Lifespan of Video Surveillance Systems (CCTV) IVPM

How long it takes for a surveillance system to be replaced has a huge impact on adopting new products or technologies. Like cars, security users do not buy a new surveillance system every month or even every year. Indeed, systems are clearly only purchased every few years - but is it every 3, 5, 7 years or more? The longer it is, the harder it is for new technologies - whether it is IP cameras, HD SDI cameras, VMS, video analytics - to break it as they typically need to wait for the big new replacement purchase. In this note, we provide the first end user survey results to answer that question.



Poll Question

In the chart below, here are the results from a survey of 60 end users:



This result indicates that surveillance end users overwhelmingly wait more than 5 years before upgrading with a median term of 7 years. Despite the impression that technology is volatile and pressures to stay current, these results clearly demonstrate that change only happens when several factors coincide. Very few responses provided only one criteria for updating, and several mentioned all the key takeaways listed below:


Key Takeaways

Three themes emerge as the common drivers describing when end users 'pull the trigger' and upgrade:

  • Money: Not surprisingly, available funding have a huge impact on upgrade frequency.

  • Functionality: Perception of 'technology improvements' over previous technology plays a huge role. In other words, if the 'latest and greatest' is not a significant improvement over current, end users delay upgrade.

  • Need: Otherwise stated, end users upgrade when it becomes too costly to maintain legacy systems, replacement equipment becomes unavailable, or end user surveillance demand exceeds what current system is able to provide.

Money

When it comes to upgrading surveillance equipment, available funding dictates when and where upgrades take place:

  • "Budget is the major decision factor in what can be replaced and when."

  • "Money has been the major driving factor in waiting so long for the current replacement, though poor long range planning factored into it. We were planning a complete replacement, cameras and all, in 2009 when the recession hit and we lost half our budget."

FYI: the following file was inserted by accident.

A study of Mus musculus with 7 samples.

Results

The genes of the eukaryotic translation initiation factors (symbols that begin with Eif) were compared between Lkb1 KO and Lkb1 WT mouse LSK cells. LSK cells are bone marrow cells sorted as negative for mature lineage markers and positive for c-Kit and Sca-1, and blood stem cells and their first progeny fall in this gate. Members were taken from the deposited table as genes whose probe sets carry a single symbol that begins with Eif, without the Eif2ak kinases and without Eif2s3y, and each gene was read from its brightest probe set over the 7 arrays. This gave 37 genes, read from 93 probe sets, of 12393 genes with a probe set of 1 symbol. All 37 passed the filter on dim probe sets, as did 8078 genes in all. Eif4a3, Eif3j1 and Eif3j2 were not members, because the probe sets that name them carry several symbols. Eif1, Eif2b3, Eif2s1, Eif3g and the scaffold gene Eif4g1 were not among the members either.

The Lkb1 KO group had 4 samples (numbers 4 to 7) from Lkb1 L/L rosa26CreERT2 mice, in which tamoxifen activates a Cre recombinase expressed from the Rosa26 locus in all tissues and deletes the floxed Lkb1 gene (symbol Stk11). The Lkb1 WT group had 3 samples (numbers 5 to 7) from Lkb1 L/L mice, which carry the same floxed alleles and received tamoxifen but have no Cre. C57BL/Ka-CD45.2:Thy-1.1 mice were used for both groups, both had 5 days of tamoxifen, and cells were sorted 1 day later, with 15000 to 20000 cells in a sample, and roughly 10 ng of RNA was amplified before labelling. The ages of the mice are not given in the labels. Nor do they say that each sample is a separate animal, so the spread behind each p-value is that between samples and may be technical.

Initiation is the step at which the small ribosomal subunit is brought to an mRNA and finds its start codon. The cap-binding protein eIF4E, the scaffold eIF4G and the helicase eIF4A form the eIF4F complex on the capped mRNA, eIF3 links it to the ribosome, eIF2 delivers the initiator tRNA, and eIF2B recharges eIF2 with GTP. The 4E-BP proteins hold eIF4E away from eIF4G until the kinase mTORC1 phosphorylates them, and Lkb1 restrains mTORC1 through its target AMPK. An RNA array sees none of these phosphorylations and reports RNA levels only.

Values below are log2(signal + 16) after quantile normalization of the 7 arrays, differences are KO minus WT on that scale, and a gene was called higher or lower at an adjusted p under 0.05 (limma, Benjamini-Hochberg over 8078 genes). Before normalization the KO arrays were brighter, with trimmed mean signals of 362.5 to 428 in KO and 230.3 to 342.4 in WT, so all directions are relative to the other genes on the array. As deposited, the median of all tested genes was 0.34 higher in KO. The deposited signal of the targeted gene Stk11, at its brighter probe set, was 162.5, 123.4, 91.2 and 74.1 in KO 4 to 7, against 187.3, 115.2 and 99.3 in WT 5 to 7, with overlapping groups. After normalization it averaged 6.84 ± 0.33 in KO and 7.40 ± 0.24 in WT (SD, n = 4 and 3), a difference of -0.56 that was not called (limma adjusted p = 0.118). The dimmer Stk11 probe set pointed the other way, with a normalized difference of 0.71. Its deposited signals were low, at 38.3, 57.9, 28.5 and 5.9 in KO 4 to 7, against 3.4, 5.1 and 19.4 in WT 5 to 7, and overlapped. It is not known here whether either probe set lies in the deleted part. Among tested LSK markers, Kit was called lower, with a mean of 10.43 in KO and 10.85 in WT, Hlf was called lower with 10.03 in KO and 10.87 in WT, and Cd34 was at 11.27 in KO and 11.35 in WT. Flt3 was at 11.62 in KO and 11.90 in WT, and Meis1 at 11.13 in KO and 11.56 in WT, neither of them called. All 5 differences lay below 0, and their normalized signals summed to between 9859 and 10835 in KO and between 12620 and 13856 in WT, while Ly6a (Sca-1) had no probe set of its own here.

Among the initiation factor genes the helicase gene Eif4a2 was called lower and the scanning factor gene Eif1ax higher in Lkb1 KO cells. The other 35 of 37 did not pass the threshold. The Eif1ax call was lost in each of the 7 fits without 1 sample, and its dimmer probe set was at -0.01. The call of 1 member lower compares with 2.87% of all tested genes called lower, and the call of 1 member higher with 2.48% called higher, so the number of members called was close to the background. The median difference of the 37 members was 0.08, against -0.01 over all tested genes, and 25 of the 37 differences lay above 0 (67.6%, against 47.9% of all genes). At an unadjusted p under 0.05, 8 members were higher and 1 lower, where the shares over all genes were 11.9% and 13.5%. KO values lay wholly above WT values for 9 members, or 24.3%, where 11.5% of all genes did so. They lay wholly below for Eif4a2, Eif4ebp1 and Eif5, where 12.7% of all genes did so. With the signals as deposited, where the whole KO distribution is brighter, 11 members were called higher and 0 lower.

• "Budget is the major decision factor in what can be replaced and when."

  • "Cost of new IP mega-pixel cameras are going down and advantages of have IT be part of supporting IP camera system instead of relying on contractors"

  • "Mostly cost."

  • "Cost and functionality."

  • "Budget. That is the one and only factor."

  • "I am currently considering changing my VMS to a more moderately priced platform that doesn't require me to attend training to get tech support."

  • "Cost. Need. Budget."

Even if compelling rationale and need exist for new surveillance equipment, unless that activity has been budgeted or planned for, nothing happens. Many of the responses indicated that lack of funding has prolonged existing equipment service life and that trend is expected to continue.



Harris Industries recommends budgeting to replace a CCTV system under normal wear and tear every 5-6 Years, By getting regular cleaning and Service done we can generally stretch the life expectancy of the system to around 8-10 years. The first failure you will generally see in a system is a Hard Drive or HDD- at roughly $200- $400 these are easily replaceable and don't require an entire system upgrade.


Cabling life expectancy should fall in the 15- 20 year range depending on factors including Installation, wear and tear, and exposure to weather.